One thing that’s been programmed into the world of sports is the idea of “clutch,” that some players perform better under pressure than others. It exists, absolutely, but whether or not it’s impact is properly weighed is another topic for another time. There is no better example of an athlete handling stress and anxiety than Mariano Rivera, who always appears in control and never seems to change his demeanor. When you watch him, you’re unable to tell if it’s a one run playoff game or the third inning of a meaningless Spring Training game.
In a guest post at THT, Dr. Rob Dobrenksi – a licensed Psychologist in NYC and Shrink Talk author – wrote about anxiety and the different ways it can affect a player’s performance. The basic idea is that anxiety is actually beneficial to a player’s performance because the adrenaline rush gives them “an edge,” as he calls it. However, every player has a point where too much anxiety is detrimental to their performance. Think of the anxiety-performance relationship as a upside-down U-shaped curve, like the one in the graph from the THT article to the left. For some players, like Mo, the peak of their U-curve is way to the right. For others, it’s closer to the left.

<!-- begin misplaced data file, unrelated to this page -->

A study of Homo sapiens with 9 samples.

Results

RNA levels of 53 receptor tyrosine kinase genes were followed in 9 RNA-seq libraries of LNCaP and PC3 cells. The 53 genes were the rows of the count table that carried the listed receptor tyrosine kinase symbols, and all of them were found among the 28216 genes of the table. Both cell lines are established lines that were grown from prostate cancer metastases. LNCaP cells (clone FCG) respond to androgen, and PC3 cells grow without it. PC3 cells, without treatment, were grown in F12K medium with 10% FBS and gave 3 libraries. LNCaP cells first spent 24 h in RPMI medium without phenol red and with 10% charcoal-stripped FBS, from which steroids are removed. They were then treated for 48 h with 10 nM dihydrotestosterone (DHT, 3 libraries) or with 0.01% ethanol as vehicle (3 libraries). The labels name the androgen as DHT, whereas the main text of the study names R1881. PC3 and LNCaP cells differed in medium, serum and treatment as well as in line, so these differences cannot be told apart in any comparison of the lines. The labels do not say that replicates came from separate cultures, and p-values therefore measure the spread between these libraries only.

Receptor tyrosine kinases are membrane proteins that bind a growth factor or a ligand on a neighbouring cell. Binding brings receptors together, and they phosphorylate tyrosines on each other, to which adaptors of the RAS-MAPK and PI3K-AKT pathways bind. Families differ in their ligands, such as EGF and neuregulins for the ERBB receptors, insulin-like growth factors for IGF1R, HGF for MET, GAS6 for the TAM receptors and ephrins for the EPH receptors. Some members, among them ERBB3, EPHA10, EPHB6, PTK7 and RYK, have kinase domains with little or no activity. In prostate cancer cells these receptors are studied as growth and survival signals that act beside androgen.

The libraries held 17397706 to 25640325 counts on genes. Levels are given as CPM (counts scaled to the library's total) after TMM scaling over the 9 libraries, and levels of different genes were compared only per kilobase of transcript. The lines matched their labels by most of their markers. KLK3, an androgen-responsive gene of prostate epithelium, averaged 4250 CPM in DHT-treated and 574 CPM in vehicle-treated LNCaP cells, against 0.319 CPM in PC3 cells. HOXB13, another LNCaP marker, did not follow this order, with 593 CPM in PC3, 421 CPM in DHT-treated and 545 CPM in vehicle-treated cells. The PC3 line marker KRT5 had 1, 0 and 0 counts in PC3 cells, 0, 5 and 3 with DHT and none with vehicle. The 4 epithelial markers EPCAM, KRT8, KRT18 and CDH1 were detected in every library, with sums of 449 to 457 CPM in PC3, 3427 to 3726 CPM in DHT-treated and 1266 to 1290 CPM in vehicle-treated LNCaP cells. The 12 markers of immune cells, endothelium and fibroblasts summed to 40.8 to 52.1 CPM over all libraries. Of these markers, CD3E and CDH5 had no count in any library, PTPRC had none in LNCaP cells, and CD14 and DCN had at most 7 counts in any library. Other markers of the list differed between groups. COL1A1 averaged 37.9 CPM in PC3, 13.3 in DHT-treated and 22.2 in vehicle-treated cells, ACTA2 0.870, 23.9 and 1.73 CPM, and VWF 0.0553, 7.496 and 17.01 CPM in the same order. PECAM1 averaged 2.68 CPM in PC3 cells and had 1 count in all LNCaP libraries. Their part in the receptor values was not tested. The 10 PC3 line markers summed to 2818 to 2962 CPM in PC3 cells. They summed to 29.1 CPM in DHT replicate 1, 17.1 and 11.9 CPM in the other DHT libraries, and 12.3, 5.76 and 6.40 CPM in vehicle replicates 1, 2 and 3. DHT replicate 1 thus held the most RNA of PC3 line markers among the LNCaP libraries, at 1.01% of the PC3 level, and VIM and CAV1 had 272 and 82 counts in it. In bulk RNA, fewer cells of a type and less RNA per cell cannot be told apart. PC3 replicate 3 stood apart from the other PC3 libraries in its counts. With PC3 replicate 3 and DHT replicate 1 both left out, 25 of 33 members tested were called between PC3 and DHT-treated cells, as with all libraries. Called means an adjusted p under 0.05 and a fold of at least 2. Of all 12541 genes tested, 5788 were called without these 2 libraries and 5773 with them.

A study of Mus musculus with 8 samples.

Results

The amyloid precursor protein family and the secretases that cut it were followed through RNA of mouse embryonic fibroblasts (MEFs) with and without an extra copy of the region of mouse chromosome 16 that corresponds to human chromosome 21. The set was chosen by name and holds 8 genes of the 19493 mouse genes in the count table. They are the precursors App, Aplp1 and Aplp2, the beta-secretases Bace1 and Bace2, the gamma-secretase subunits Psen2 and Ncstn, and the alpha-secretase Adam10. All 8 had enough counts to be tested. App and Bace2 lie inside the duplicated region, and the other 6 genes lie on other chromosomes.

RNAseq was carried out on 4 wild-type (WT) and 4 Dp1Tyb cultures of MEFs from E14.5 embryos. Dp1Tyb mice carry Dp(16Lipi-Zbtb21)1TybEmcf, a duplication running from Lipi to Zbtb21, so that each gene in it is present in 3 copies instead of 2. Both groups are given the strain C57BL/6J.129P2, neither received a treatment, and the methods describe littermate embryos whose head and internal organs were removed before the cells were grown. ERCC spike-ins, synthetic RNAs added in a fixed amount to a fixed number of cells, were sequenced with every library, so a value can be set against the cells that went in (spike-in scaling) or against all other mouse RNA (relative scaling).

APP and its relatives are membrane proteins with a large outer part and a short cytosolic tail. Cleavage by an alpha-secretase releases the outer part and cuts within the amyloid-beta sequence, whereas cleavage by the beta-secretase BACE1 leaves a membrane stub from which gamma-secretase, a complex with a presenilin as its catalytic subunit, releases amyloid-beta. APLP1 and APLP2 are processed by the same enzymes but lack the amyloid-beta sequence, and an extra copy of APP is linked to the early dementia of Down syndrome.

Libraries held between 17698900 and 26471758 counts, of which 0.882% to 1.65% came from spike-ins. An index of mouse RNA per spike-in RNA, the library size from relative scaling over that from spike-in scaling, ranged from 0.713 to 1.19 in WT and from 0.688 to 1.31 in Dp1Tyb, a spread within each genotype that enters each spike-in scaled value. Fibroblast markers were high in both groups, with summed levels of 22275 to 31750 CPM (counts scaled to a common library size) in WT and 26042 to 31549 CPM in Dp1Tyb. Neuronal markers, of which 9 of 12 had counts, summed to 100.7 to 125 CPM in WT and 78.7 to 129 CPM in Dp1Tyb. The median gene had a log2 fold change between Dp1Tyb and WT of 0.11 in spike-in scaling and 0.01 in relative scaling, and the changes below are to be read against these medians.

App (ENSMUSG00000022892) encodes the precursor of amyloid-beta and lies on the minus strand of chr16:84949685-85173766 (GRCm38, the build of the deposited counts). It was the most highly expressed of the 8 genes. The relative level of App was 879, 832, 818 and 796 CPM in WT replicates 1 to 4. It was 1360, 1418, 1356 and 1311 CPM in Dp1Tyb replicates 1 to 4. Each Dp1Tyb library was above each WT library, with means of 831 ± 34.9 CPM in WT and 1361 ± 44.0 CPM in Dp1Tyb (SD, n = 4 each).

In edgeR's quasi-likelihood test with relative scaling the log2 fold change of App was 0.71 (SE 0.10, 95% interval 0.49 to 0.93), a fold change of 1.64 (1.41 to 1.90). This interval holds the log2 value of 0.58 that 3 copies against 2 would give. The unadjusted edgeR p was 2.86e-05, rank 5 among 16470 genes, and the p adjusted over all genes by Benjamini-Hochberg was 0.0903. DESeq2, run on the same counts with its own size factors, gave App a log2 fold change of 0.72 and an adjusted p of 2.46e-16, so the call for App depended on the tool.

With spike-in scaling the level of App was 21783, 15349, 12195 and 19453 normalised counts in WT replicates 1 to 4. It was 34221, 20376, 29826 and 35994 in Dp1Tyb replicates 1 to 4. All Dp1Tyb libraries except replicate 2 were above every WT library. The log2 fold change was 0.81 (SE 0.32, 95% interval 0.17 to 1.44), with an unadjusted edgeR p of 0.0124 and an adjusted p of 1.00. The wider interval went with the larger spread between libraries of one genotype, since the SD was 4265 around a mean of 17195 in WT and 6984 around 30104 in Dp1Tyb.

Dr. Dobrenski mentions that there are three main components of anxiety, one of which is the inner monologue we all engage in. “If I don’t drive in this run, I’ll be the goat and probably be on the bench tomorrow” is an example. People and athletes are taught to “monitor and challenge” their inner monologue, which admittedly is easier said than done. Instead of worrying about being the goat, they’re taught to think “I can do this, and if I don’t, it won’t be the end of the world,” especially when it comes to something we’ve done countless times before, like Chuck Knoblauch throwing the ball to first.
Alex Rodriguez is perhaps the biggest poster boy for failing under pressure. That is, until this past October of course. Perhaps the peak of his U-curve was well on the left of the graph until he dealt with his PED demons and took some of the weight off his shoulders, shifting his U-curve to the right. I’m no doctor, athough I do play one on a blog, and I’m willing to bet your ability to deal with stress is greatly affected by a whatever else is going on in your life. In fact, I know it is.
The bottom line is that stress and anxiety are completely normal human emotions. We’ve all been stressed out at work, and it certainly effects how we perform, one way or the other. Baseball players are no different, it’s just that their performance under stress is subject to far more public scrutiny. Some anxiety is good for performance, but too much is a problem, no matter who you are.